Eyes on the Street: Painting SBS Bus Lanes on Nostrand Avenue

DOT crews were painting bus lanes on Nostrand Avenue this morning at Carroll Street. Photo: Haruka Horiuchi

Brooklyn’s B44 bus carried more than 12.5 million passengers last year between the base of the Williamsburg Bridge and Sheepshead Bay, making it the city’s fifth-busiest bus route. But the B44, which runs primarily along Nostrand Avenue, is notoriously unreliable and spends less than half of each run in motion. Half the time, it’s stuck in traffic or at bus stops and red lights.

There are 300,000 residents within a quarter-mile of the bus route, and 62 percent of households in that area are car-free, according to DOT and the MTA. Since 2009, the two agencies have been working to bring Select Bus Service to the B44. Limited-stop service would be converted to SBS, while local service on the B44 would remain.

Like other SBS projects, this one will add off-board fare collection, camera-enforced dedicated bus lanes, and transit signal priority to keep buses moving with green lights. It will also include curb extensions at bus stops, also known as bus bulbs, to keep the buses from having to move in and out of traffic every time they reach a stop.

The project, which received a $28 million grant from the Federal Transit Administration, is nearing completion. Workers are painting the red bus lanes, and earlier this month, crews were spotted pouring concrete at a bus bulb near the intersection of Bedford Avenue and Fulton Street.

A presentation from last year [PDF] says the project will be complete by “late 2013,” with the more intensive reconstruction of Nostrand Avenue between Flushing and Atlantic Avenues set to wrap by fall 2014.

  • Anonymous

    Still don’t understand why Nostrand Ave SBS couldn’t have a terminus in the LowLine. Even if it meant getting smaller, longer buses it would re-activate that underground station and make for a one-seat ride into Manhattan for riders.

  • yourvoiceofreason

    That 62% number is ridiculously exaggerated. Perhaps not too many people own cars towards the northern half of the line but once you get past the junction I assure you that number was just picked out of the sky. Many residents own cars because transportation options are sparse. Taking away parking spots to shave 2 minutes from a commute is not economical for anyone. Not to mention many residents are disabled. The spacing of these stops does nothing to help them. But the MTA does not care. It just sees dollar signs, like it always has. They should have finished the 2/5 line like they were supposed to. Brooklyn College was never meant to be the end of the line. But fattening up wallets became more important then serving the people. Don’t be fooled.

  • Ben Kintisch

    I rode the B44 for a couple of years and it was not a fast nor a smooth ride.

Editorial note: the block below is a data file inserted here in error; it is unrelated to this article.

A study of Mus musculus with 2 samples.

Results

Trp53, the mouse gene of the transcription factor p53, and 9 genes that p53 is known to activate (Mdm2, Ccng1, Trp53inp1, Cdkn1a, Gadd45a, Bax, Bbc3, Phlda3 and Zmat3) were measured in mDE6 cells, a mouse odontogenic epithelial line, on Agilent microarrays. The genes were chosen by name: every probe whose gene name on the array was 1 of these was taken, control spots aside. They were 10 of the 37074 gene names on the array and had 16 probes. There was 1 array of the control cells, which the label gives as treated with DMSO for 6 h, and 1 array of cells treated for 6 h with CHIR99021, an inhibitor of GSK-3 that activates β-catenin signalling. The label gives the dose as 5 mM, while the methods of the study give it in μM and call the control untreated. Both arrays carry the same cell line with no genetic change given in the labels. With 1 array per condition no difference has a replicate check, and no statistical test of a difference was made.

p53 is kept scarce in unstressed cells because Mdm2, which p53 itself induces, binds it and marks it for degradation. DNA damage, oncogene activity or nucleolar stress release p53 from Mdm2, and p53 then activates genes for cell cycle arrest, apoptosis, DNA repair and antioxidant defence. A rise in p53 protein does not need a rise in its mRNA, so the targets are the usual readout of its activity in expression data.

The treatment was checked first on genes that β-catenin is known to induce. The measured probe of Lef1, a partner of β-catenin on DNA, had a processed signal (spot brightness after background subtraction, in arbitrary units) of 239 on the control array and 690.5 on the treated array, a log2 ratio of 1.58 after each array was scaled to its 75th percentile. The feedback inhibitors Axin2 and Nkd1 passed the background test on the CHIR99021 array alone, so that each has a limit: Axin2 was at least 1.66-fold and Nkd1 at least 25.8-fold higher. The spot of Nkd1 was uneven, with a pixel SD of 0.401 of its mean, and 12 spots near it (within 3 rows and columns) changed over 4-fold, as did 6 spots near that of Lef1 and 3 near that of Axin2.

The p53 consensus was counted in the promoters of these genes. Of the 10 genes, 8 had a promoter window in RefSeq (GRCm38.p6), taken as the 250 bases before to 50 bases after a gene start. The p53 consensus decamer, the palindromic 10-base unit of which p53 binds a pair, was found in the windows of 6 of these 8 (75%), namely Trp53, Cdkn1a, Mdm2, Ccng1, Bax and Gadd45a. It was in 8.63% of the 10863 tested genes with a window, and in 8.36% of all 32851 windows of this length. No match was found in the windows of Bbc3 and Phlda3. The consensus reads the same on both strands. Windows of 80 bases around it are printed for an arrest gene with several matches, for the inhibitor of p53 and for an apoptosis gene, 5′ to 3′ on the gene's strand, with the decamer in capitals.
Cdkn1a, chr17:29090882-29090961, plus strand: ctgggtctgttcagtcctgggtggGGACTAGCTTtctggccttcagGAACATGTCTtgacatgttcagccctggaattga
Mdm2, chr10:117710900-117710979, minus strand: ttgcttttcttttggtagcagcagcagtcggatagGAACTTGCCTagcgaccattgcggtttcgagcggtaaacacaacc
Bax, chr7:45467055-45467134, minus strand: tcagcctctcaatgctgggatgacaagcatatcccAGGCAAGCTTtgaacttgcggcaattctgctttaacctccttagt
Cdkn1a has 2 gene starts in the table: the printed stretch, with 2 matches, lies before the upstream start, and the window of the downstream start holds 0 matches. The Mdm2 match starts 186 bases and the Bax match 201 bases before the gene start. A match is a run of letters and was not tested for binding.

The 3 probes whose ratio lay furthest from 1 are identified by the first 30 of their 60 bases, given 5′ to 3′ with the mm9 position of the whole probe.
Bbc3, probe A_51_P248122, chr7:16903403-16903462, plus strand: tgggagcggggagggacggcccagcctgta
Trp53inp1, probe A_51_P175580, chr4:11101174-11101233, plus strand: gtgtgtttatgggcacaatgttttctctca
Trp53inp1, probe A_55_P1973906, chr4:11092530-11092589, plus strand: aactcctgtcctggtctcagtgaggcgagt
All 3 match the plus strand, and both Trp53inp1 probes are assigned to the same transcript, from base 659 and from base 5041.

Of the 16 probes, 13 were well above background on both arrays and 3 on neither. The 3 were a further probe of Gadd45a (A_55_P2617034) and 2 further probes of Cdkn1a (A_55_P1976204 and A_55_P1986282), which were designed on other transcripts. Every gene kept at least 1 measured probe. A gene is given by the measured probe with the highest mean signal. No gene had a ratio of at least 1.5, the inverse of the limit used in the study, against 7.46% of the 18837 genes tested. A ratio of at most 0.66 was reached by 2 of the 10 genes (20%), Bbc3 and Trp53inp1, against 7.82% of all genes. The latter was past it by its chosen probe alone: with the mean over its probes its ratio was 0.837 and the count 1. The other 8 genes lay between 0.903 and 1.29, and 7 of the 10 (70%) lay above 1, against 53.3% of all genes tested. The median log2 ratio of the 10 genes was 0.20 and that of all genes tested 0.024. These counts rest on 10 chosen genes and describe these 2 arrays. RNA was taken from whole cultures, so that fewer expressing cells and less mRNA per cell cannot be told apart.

The re-construction of Nostrand has certainly made for headaches over the last year, but now that things are smooth, and the bus lane is painted in, things look much better. Can’t wait to try it out when it’s actually rolling!

  • s

    If many residents are disabled, it might help if more able-bodied people walked and took the bus.

  • Anonymous

    62% is not exaggerated. Are you aware of the concept of averages?

  • Danny G

    This new bus service is gonna be great. When the new B44 rolls out in the winter, we’re gonna go to Sheepshead Bay and eat lobster and oysters, and then get the bus back and be home in no time. Kudos to the MTA and DOT for working together on this one.

  • Chris M

    The road workers last night responsible for doing some repaving along these lines also reported that they unearthed some old trolley lines at St. John’s and Rogers. They paved over it temporarily, but there is a portion of the trolley lines visible at Rogers & Sterling still. As transit moves forward, you can’t help but encounter the past! Does anybody have a map of old NYC trolley lines?

  • Andrew
  • flashgordon

    What? Guy, they’re speeding up the soon-to-be express service from the current limited-stop service, which is already a joke going northbound, dealing with the traffic on Farragut, New York, and Fulton.. It’s a nightmare. Buses cannot get around the traffic with one lane of travel..

    Elderly folks can still rely on the local service, and take it to the nearest SBS stop if that’s the case.. but I, for one, happy they’ve eliminated Avenue S & R as limited stops in the new SBS scheme. Let the express buses handle the bigger loads and get them to one stop as they can alight one shot deal.

    SBS is to improve reliability of the slow-paced line as it is.

  • brooklynfoo

    things are not smooth between atlantic and flushing. Its still like the surface of the moon and has been for many years. I cant believe its going to be another year before this section is completed.

  • Phil R

    As a driver, my experience has been that at night there are very few buses around, and because of the restrictions on traffic in these reserved lanes, half the available driving space is closed off, causing congestion and frustration. Add to that the fact that people double-park all the time; people turn off Nostrand Avenue all the time, causing back-ups while they wait for a chance to exit the avenue; and, last but not least, that some of the most impatient drivers simply ignore the restriction and drive along the bus-only lines anyway. If in fact the restriction is in effect 24/7, it seems counterproductive. It may be great for buses–when they’re running–but it’s hell on traffic.